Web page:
When should I upgrade to Salesforce Lightning?


It’s been 10 months since the Salesforce Lightning Experience was announced, and there’s still a lot of confusion surrounding what it is and how to make the most of it. We expect to hear much more at this year’s Dreamforce, but until then, here’s our take on where it’s at and what that means for you, the user!

What’s the status?

First, a quick refresh: Salesforce describes Lightning as a set of development tools that include:

  • Lightning App Builder: visual user interface designer
  • Lightning Components and Design System: reusable user interface building blocks
  • Lightning Process Builder: visual business process designer
  • Lightning Connect: real-time integration with external data source systems

What most Salesforce users are excited about is that it gives Salesforce a new “skin” that improves user experience. Lightning is presently at an ‘early adoption’ phase. What does that mean? Right now, individuals and organizations that are super excited about tech and eager to try new things have probably upgraded to Lightning. These ‘early adopters’ are an essential element in rolling out a new system. They get to see it all first, but they’re also the guinea pigs. You get first dibs at the new software, but bugs are being worked out and there are still components that have not yet been built out on Lightning and still need to be addressed (particularly, reports and applications).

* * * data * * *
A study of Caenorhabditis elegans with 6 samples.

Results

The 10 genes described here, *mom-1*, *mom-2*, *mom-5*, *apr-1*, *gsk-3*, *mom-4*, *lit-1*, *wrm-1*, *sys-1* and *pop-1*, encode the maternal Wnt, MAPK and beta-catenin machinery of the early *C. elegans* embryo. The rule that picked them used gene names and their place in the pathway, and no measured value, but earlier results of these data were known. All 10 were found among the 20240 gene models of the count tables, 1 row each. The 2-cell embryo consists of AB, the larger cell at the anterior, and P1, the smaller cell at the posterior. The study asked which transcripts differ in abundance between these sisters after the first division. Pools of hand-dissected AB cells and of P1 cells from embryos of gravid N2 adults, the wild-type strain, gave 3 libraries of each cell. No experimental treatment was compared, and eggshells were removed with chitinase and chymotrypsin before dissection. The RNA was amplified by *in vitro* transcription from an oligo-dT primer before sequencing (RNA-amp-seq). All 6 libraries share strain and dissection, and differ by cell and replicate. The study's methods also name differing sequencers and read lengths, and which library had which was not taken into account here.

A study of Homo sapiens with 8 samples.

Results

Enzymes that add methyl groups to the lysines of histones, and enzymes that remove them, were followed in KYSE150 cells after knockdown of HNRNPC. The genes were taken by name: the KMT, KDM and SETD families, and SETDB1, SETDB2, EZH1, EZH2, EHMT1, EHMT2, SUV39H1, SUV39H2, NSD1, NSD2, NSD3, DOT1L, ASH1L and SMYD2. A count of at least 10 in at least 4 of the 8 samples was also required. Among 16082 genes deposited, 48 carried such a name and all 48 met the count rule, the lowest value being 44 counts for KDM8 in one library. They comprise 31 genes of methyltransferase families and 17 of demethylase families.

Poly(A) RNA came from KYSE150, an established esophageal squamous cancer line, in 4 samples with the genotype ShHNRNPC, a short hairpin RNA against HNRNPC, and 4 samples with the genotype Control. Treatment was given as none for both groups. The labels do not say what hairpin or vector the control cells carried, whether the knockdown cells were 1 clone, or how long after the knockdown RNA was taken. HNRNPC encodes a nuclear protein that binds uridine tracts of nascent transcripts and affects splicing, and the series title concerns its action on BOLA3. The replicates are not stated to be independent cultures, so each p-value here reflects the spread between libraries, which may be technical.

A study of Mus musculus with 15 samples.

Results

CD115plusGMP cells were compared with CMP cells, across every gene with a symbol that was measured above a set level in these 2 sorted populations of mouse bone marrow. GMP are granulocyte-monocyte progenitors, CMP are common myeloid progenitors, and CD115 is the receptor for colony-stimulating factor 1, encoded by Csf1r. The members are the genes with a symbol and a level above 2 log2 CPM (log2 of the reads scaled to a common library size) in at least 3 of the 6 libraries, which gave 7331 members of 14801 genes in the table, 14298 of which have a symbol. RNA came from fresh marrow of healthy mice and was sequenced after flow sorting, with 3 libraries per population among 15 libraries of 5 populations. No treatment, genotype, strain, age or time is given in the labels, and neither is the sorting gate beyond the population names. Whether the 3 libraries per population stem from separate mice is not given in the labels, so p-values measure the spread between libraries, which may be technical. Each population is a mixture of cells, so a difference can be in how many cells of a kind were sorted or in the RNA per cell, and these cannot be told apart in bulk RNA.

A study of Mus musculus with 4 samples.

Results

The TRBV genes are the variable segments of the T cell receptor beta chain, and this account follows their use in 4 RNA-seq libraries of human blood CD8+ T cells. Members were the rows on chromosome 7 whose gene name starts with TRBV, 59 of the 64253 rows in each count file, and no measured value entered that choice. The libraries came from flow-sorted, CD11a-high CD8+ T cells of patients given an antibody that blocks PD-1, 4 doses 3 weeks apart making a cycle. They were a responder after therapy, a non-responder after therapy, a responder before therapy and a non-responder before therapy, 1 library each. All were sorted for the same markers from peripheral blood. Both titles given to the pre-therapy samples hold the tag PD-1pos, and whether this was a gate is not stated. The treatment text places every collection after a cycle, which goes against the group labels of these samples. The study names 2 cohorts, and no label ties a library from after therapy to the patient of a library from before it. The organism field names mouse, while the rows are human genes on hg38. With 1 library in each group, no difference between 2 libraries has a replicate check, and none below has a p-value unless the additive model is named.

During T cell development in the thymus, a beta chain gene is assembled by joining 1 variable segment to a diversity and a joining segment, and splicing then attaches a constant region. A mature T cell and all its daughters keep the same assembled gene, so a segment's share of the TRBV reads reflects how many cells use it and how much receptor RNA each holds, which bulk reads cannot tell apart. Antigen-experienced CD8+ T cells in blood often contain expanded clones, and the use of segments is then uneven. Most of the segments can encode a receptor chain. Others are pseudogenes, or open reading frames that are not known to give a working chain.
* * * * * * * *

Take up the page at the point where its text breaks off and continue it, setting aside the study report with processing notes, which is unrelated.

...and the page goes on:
Aside from the end-user, many solutions and applications have yet to convert to Lightning as well, which can leave the user-experience looking and feeling clunky. What do we mean by that? Well, look at the part of your lead or contact record that’s populated by a solution app. If they haven’t upgraded (most haven’t), it will still look like the ‘old’ version while the rest of your instance will look new. Most of the NPSP functionality is covered now, although we’re still waiting on reports.

Where does that leave you?

If you’re considering the Lightning Experience, the choice is ultimately yours. It’s not up to us, your AE, or your solution partners to tell you whether or not it’s time for the upgrade. When that time eventually comes, your Salesforce instance won’t implode, but it also won’t be perfect. We recommend reviewing the release notes, chatting with your Salesforce AE, and checking out the Lightning Experience group on the HUB or this forum on migrating to Lightning in the Success Community. If you would like help upgrading, please reach out to us for support.

Lightning is an inevitability. We’re guessing you can expect a much deeper commitment to support and user adoption after Dreamforce ‘16. So even the late adopters might want to look ahead and ready themselves for a change.